How to Buy a Lulav and Etrog

What to look for, how to care for it and uses after Sukkot


1. Used for decoration. It has a certain slim elegance and graceful dignity to it.

2. Saved and waved on Hanukkah (see 2 Maccabees 10:5-8).

3. Saved and used in place of a feather for searching out the hametz [leavened items] before Pesach. Then burn it with the hametz.

The etrog has a number of wonderful uses after its need during the holiday is exhausted:

1. Collect etrogim from friends and make etrog marmalade: Slice etrog into thin cross-sections. Place in a pot or bowl of water for four days or so. Change the water every day. This serves to take out some of the abundant bitterness and acidity of the etrog. For the curious, try tasting a bit of the water on the second or third day. After this process, proceed with any marmalade, jelly, or preserves recipe. You may have to add oranges for volume. Even if the etrog is but a small part of the whole, it is worth the effort.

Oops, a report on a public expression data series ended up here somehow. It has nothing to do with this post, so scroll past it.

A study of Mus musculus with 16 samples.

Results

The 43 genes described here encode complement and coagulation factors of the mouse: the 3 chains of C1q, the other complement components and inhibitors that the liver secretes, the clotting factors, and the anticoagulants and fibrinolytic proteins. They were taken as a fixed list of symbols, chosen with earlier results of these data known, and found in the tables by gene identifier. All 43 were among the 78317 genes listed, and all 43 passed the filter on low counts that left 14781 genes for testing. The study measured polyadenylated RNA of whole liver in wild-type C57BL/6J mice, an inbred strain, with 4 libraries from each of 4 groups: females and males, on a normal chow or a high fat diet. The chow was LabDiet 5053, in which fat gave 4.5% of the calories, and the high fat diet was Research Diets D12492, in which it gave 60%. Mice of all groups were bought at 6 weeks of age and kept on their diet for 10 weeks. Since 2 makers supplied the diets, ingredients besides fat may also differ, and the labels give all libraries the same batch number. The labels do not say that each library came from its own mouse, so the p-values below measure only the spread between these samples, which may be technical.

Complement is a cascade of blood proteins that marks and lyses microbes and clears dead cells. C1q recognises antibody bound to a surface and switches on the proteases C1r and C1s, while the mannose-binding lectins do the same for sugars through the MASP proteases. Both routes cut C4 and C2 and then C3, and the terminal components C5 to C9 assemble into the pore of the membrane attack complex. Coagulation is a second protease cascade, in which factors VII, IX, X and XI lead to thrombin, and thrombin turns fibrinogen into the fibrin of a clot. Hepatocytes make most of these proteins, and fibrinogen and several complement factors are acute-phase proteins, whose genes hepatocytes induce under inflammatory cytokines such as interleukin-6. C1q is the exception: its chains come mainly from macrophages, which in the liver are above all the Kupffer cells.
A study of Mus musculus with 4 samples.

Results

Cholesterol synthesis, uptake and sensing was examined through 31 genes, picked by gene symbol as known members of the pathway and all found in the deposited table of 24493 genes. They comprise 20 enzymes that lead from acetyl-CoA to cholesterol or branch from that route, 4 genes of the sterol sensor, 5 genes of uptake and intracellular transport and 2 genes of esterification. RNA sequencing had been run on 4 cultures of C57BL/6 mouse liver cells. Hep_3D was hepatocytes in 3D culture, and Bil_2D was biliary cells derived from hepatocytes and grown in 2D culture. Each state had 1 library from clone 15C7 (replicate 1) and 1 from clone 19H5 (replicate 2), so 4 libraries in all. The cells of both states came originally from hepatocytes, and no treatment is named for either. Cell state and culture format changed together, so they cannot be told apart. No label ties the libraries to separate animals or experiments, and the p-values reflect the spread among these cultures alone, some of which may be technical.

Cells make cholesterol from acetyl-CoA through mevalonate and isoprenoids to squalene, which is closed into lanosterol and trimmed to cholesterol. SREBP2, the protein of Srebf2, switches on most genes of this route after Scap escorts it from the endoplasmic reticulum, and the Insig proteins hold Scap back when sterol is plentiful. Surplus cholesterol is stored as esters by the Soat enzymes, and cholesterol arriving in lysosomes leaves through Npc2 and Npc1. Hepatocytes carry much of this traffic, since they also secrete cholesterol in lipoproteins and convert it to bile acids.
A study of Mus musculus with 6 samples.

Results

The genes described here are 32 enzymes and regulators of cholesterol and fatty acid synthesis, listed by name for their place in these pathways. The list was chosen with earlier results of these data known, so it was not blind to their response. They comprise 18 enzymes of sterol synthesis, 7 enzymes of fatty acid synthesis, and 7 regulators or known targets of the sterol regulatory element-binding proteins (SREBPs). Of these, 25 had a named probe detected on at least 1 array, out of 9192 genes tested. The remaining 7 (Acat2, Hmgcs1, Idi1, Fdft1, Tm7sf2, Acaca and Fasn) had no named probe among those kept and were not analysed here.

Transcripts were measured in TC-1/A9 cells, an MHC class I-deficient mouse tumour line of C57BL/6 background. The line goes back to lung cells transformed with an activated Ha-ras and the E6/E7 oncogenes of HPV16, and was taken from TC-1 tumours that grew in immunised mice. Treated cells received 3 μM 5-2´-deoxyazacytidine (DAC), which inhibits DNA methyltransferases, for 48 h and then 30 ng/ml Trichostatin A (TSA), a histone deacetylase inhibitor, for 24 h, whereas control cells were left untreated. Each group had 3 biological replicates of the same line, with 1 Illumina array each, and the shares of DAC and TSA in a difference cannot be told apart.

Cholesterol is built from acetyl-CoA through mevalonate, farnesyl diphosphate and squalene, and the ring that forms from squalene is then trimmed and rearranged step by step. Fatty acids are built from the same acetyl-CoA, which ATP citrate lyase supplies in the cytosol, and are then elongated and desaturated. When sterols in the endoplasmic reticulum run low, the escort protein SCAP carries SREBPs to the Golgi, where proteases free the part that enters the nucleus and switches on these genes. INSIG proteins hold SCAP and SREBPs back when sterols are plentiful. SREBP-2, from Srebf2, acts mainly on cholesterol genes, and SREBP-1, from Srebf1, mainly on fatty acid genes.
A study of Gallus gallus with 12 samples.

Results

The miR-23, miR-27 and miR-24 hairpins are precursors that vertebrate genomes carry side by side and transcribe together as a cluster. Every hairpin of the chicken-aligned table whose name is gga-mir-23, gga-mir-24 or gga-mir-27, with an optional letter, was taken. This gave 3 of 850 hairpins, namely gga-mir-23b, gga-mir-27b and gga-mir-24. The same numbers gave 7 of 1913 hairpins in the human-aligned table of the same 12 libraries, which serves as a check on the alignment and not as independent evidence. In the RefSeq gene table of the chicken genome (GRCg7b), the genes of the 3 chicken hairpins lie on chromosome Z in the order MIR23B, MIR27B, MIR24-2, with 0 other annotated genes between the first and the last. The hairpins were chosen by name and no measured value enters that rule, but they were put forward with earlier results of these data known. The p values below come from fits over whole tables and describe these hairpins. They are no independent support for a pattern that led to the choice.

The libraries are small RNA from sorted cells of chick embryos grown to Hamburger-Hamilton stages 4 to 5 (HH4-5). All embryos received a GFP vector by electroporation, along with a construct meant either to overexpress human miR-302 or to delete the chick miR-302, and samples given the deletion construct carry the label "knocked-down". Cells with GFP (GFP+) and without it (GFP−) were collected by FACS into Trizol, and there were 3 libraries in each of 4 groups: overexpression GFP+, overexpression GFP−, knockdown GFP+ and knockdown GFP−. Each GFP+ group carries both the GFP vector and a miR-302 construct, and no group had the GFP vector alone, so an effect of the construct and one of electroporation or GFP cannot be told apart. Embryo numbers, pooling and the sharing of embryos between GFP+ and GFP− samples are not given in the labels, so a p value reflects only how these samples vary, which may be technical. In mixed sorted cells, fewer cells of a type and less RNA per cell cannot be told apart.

2. Collect etrogim from friends and make etrog wine.

3. Stick a lot of whole cloves into the etrog. Cover totally with powdered cinnamon and let dry for a few weeks. You will then have a wonderful spice essence. Use it for Havdalah. Let it cast its fragrance in a closet. Give it to a friend.


Michael Strassfeld is the rabbi of the Society for the Advancement of Judaism, a Reconstructionist synagogue in Manhattan, co-author of The First Jewish Catalog, The Second Jewish Catalog, A Night of Questions: A Passover Haggadah, and author of The Jewish Holidays: A Guide and Commentary.

Sharon M. Strassfeld is co-author of the Jewish Catalog series.

Richard Siegel

Richard Siegel is the Interim Director of the School of Jewish Communal Service at HUC-JIR. He worked for 28 years at the National Foundation for Jewish Culture, the last 16 as Executive Director.